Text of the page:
Business Report June 2013

Business Report
June 2013
Jonathan Yudelowitz

The National Development Plan recognises that small and medium-sized enterprises (SMEs) create more jobs than large corporates and are key to addressing unemployment and to South Africa’s future. At the same time the government has “muddied the waters” by punting the Licensing of Businesses Bill, which will choke SMEs in red tape.

The bill seeks to ensure all businesses pay tax and operate within the boundaries of the law, even though existing regulations, which they are either unable or unwilling to enforce, replicate these aims.
Small business success depends on the freedom to act and decide for oneself: to seize opportunities, take chances, exercise good judgement, take responsibility for consequences and, most importantly, resilience in the face of setbacks or failure.

Although the bill is destined for redrafting, the fact that it seeks to regulate instead of enable small business shows how little the government appreciates the dynamics of small business. The taxi industry is a fine example of entrepreneurs’ achievements and their mistrust of the state is telling. The government has done little to encourage them or acknowledge the significance of their self-earned success The implementation of BEE policy has disregarded entrepreneurialism and incentivised political allegiance and networks. Instead of building skills and confidence in their own abilities among black business people, BEE has commoditised black economic participation and leadership, insisting that one previously disadvantaged person is as good as another; discounting quality as a factor.

Production and results are chief priorities for an entrepreneur. Members of the government or corporate bureaucracies are often more concerned with their status and power than they are with these business fundamentals. Significantly, the government tries to solve problems in mining, agriculture and textile industries through dialogue with big business and big labour; resulting in labour and commercial legislation highly favourable to big business. Moreover, how can the SA Chamber of Commerce and Industry represent entrepreneurs, who are by their nature self-interested and who should avoid attending endless talk shops? Many of the participants in these forums have little concept of what is required to start and run a small business.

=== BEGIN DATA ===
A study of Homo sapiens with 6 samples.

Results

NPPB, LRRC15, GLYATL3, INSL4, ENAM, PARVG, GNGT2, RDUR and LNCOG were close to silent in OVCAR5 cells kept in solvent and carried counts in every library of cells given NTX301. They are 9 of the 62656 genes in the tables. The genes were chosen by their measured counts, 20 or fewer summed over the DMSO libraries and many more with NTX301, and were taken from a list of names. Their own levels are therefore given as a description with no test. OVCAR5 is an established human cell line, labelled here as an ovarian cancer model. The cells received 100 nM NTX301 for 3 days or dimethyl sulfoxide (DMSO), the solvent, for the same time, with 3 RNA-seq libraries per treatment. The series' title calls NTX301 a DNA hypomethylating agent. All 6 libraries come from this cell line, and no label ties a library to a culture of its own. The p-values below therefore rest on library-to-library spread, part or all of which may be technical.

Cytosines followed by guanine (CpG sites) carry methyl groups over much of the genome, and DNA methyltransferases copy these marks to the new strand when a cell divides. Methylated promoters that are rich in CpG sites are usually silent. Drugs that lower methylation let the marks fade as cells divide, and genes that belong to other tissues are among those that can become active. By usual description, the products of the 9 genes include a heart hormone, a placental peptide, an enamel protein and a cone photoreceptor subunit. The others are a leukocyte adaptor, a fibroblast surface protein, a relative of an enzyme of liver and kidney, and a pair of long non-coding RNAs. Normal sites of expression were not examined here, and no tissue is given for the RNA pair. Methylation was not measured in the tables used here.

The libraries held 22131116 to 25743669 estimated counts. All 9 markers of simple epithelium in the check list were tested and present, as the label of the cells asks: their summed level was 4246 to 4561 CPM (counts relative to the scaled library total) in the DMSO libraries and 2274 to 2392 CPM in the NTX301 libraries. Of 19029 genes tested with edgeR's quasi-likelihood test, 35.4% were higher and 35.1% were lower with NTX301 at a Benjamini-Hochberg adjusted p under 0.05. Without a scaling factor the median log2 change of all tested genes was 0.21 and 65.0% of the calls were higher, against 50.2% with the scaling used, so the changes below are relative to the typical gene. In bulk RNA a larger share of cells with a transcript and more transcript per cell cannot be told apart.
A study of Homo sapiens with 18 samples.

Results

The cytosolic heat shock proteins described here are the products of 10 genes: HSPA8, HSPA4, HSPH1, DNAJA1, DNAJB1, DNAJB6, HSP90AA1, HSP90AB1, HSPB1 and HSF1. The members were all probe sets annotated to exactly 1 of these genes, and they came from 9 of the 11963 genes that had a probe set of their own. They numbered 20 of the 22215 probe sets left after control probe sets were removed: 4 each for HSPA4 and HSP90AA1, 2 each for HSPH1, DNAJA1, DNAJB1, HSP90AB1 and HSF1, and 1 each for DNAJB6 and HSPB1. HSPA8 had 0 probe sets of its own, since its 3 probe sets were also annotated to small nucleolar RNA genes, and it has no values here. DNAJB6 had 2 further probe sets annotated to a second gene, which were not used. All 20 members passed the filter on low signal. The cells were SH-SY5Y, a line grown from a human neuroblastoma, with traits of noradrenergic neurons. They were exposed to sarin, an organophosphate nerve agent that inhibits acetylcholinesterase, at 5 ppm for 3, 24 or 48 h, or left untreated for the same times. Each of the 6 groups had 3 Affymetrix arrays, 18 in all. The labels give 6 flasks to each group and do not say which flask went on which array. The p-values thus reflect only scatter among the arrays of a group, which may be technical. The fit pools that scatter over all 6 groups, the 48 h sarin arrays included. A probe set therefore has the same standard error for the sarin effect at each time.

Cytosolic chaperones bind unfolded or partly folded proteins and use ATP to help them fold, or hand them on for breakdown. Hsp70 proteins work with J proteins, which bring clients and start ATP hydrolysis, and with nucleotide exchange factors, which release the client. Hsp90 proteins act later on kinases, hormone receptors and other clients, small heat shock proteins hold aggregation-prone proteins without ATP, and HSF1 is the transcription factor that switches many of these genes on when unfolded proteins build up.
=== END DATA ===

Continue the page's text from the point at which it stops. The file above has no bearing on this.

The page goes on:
Although cash flow is vital for small businesses, despite promises, the state cannot even guarantee its SME service providers something as basic as prompt payment. Rather than respecting the fundamental needs of its suppliers, the state and the state-owned enterprises mire themselves in a mess of their own making by tangling themselves in a web of red tape and buying fancy payment systems, which their own officials are unable to operate. Cosatu is disintegrating, a natural and inevitable consequence of its inability to adapt to how South Africa’s labour market has opened up and the changes that have occurred in the world economy over the past two decades.

Despite the opportunity for exercising real economic leadership, slaughtering the “holy cows” stemming from its struggle debts and acting in the interest of South Africa, the ANC and the government have continued to intervene to patch up recent internal quarrels among Cosatu’s leadership and between its affiliates.

The government’s support of Cosatu makes it difficult for the rival Association of Mine Workers and Construction Union to trust the state and its institutions to be an “honest broker” and champion of a fair process, even though this should be its primary economic goal. This lack of neutrality is causing economic instability and loss of investor confidence in South Africa.

Moreover, if the government showed nerve in dealing with Cosatu and encouraged new trade unions to grow and represent real worker interests fairly; if it embraced the entrepreneurial potential of citizens, implemented a form of socio-economic transformation that rewarded merit and business acumen; if it encouraged economic discipline; trusted instead of tried to control enterprising individuals; if it appreciated calculated risk taking and the energy, time and money it takes to build small businesses, then we would have a productive economy.